Pioneers, Ploughs, and Politics: New Brunswick Planned Settlements


Decisions
The men and women who sought new opportunities abroad collected information to help in the decision-making process. Pamphlets and immigrant handbooks, often prepared or distributed by colonial governments, were available to the literate. These sources frequently overstated the positive features of the new land and understated those that could be considered unfavourable. Similarly, newspapers printed immigrants' personal testimonies about life in the colonies, often in glowing terms, as well as information on terms of settlement, sailings, and notices of lectures by immigrant agents.
Public lectures hosted by colonial governments were another means of obtaining information on the benefits of life in British North America. For example, James Brown, New Brunswick's emigration commissioner, travelled throughout Scotland, northern England, and Ireland, in 1861-1862, speaking in halls, churches, and other public places on "the character and capabilities of New Brunswick" as a home for immigrants To support these claims, he distributed pamphlets, essays, articles, immigrant handbooks, letters, and maps of the province. Brown focused on farm labourers, domestic servants, and mechanics who were in much demand in New Brunswick. On 12 February 1862, he explained to a crowd at Kirkcaldy, Fifeshire, Scotland:

We want farm labourers and servants of both sexes with a portion of mechanics. Tenants whose leases are about to expire, & who doubt their ability to pay the new rent, ought by all means to sell out their effects and go to New Brunswick. Such persons bringing from ₤200-₤500 with them, could buy & improve to good advantage, farms partly cleared. In short, we want hardy and courageous men and women of good morals, and industrious habits; able and willing to work with their own hands, and who would be content with that plain independence which the country so abundantly affords. Experience has proved that in all parts of the Province, emigrants of this description who came among us poor, or with very limited means, have made good farms, raised large families, and are now in comfortable circumstances.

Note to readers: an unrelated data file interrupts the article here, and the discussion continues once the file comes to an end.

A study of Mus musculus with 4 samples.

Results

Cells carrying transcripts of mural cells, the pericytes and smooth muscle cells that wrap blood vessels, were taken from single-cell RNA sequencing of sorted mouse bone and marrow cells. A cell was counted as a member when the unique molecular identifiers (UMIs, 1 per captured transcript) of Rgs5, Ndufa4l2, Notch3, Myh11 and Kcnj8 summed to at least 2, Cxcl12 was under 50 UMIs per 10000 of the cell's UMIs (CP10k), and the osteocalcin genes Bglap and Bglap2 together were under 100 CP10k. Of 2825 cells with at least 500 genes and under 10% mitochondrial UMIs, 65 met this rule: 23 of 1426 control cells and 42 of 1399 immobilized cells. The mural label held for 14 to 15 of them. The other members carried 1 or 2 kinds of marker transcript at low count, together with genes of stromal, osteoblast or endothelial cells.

According to Brown, sound morals, industrious habits, and self-reliance were the characteristics needed for success in New Brunswick.
In Ireland, Brown distributed copies of a letter written by His Excellency, the Rt. Rev. John Sweeny, Bishop of Saint John, encouraging his fellow countrymen to emigrate. At that time, the Bishop was establishing a settlement in Carleton County for Roman Catholic Irish families. The Johnville settlement would be Bishop Sweeny's most ambitious pioneering effort. In addition to materials mentioned previously, personal letters penned by successful settlers to folks back home played a key role in swaying recipients to book passage on transatlantic sailing vessels. Despite all his hard work, Brown's days on the lecture circuit were numbered. The New Brunswick government discontinued this practice due to limited results.